Picture This CXLV

Lot 230 in Bonham’s recent The Gentleman’s Library Sale was this late early walnut chest (figure 1).

Fig. 1. George II walnut caddy top chest of three drawers, circa 1735. (Bonham’s)

‘Late early’ may sound a little Irish, but, with its caddy top, cock-beading, bail handles and bracket feet, it’s a fairly late interpretation of an early style three (or two-over-two) drawer chest (figure 2).

 Fig. 2. William and Mary walnut two-over-two drawer chest, circa 1690. (Keil’s Antiques)

Whilst Bonham’s describe the chest as standing on “shaped bracket feet”, the current solid brackets (figure 3) are not original (they don’t even appear to be walnut). The chest may have formerly stood on bracket feet, however, wear to the vertical veneer on the base suggests the possible antecedence of bun feet – which would make them late in the chronology of feet.

 Fig. 3. Spurious foot. (Bonham’s)

Jack Plane

About Jack Plane

Formerly from the UK, Jack is a retired antiques dealer and self-taught woodworker, now living in Australia.

  1. potomacker says:

    I’ve reread the last paragraph several times and visited the Bonhams website in order to try to understand the thought process that led you to conclude that this piece originally had bun feet. Where is the wear on the vertical veneer that cite as evidence of bun feet? I’ve looked at a closeup of the left foot and it clearly shows damage to the veneer and made of composed elements although the two feet don’t match, which implies a sloppy repair or subsequent damage. At least the left foot is evidently not solid


      The front right corner of the vertical base veneer is rounded over both on the top of the corner and at the bottom. The only way the bottom of the corner could have been rounded over is if there was no bracket to protect it: Hence I concluded the chest may have had bun feet to begin with.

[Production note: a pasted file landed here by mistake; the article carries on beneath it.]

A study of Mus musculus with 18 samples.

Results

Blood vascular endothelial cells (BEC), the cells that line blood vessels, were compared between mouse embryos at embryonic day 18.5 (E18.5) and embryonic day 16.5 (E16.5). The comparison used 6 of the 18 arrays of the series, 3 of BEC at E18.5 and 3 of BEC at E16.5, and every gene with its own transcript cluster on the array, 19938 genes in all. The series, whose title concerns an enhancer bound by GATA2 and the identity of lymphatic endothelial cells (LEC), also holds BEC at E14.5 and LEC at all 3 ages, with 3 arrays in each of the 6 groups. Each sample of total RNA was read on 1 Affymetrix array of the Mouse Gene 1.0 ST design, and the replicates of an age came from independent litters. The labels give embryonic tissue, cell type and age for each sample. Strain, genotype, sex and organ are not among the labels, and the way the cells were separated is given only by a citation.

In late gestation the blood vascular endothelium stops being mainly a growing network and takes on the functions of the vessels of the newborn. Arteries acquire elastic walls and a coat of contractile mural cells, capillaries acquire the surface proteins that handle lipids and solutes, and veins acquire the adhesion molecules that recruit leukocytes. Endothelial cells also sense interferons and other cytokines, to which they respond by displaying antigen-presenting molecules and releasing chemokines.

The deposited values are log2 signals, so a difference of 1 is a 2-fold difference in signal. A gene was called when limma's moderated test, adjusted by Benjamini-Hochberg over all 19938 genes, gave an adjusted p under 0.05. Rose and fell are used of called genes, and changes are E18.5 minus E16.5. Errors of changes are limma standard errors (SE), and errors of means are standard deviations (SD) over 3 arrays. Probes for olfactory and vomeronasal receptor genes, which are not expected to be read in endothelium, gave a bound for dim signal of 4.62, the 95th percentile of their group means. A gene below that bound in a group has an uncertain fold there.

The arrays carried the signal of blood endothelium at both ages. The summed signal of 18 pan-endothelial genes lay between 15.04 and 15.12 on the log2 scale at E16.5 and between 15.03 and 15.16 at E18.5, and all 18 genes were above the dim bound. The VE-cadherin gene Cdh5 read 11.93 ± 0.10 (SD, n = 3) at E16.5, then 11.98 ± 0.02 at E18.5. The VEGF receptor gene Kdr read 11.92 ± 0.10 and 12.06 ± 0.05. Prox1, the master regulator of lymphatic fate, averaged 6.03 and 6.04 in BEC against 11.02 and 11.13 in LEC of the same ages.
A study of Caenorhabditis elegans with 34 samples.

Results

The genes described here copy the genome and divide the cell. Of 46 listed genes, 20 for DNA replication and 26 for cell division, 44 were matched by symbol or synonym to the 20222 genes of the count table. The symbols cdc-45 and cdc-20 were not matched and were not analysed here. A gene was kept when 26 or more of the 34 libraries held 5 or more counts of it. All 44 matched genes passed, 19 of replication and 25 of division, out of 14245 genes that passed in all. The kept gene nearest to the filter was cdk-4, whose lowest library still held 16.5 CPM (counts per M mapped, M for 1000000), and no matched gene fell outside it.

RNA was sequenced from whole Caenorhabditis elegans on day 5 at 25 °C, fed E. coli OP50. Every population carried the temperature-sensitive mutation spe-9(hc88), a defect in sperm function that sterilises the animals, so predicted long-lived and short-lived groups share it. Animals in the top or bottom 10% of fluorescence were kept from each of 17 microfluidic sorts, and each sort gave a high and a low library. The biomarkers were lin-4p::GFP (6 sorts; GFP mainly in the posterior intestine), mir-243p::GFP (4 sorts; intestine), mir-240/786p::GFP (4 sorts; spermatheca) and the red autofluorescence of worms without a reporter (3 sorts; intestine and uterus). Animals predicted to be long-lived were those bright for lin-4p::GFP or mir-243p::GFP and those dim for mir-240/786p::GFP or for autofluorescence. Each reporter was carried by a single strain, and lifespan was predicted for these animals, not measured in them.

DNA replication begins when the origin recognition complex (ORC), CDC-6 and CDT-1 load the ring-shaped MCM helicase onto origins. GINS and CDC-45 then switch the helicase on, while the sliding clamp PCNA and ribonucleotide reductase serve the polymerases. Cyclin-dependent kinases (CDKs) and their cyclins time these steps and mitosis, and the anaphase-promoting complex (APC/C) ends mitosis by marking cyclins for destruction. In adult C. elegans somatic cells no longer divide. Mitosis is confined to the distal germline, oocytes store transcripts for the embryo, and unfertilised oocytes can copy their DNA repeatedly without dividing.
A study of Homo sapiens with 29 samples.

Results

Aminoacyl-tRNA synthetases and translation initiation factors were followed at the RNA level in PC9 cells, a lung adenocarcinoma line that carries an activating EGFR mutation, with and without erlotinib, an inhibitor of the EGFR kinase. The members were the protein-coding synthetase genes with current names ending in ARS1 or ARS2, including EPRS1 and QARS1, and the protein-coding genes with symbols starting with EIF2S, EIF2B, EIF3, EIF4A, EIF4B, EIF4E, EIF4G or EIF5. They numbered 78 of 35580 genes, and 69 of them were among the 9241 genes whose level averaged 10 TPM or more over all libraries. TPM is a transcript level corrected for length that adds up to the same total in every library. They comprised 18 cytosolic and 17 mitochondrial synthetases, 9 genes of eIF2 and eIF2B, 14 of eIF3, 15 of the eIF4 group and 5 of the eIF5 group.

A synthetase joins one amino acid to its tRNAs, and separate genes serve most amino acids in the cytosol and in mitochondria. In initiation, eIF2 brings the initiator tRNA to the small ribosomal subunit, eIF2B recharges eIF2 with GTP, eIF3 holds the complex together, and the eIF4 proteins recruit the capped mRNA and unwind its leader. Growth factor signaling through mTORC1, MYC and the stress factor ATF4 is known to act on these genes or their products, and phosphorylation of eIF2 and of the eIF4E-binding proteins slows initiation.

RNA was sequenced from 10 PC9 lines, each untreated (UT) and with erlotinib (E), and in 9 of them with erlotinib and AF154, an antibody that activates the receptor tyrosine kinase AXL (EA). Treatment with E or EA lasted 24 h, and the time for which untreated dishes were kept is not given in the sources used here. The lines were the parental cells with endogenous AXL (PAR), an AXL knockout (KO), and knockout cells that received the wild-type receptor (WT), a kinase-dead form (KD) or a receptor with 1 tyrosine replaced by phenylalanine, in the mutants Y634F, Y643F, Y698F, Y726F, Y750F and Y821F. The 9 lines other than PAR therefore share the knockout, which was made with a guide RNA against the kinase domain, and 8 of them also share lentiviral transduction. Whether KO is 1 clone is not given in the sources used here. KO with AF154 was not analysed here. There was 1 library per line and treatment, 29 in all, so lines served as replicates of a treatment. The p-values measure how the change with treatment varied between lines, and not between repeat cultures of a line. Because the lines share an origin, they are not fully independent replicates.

Had the brackets been original, not only would they finish flush with the base, but they would have been veneered, and the (vertical) veneer would encompass each foot and the area of the base directly above it, viz:

      The wood of both brackets on the Bonham’s chest (whatever it is) is the same pale stuff. It is obvious that the right bracket is solid (rather than veneered, as one would expect on a veneered chest such as this) as it has been top-coloured to resemble the parent walnut veneer and with subsequent wear, the corner and colour have been eroded, exposing the pale wood beneath.

      JP


    About the Keil’s Antiques William & Mary chest’s feet: Does the molding at the base very old chests hint at what was under there originally? For instance, would the molding be different for a chest on stand, as opposed to a chest on bun or ball feet? I “rescued” a wonderful English Circa 1695 Chest on ball feet (likely replaced by Arthur Newberry Furniture Makers England around 1900 from the label inside the drawer) and it has concave molding at the bottom much like this chest:

    https://www.1stdibs.com/furniture/storage-case-pieces/commodes-chests-of-drawers/english-william-mary-walnut-four-drawer-chest-circa-1690/id-f_7553363/.

    On a side note, my chest is wildly similar to the one linked above in the base molding, nice inlay design on the top, and halved veneer on the side (not quartered) except mine has bolder featherbedding (wider). I wonder sometimes if it was made by the same cabinetmaker!

    It was implied by an antique restorer that the small size of the casement (of my chest), combined with the concave molding indicates it might originally have been on a stand. I argued that the moderately complex veneer inlay at the top would discount the chest on stand theory.

    Anyway, you would know best. Your blog is so very interesting and I am so glad you posted this topic.


      The majority of chest-on-stand base mouldings (of the era) are either cyma or cyma recta, though scotia (“concave”) mouldings are not unheard of.

      Elaborately veneered tops of chests-on-stands are common enough.

      JP


    Extremely interesting, I must say.
    It’s difficult to put into words the amount of knowledge I’ve gained from this site. From you Jack Plane and from your learned subscribers.
    Thank you all very much.


    Hi Jack
    Agree strange chest, bracket feet not original ,as you say, bad shape,person that made them did not understand
    The design of the earlier pieces.
    Regards Guido


    I can only echo Eric R’s comments. Thank you, Jack. Fascinating and illuminating, as always.


    I thought that English chests had 4 drawers and only French had three drawers, am I incorrect?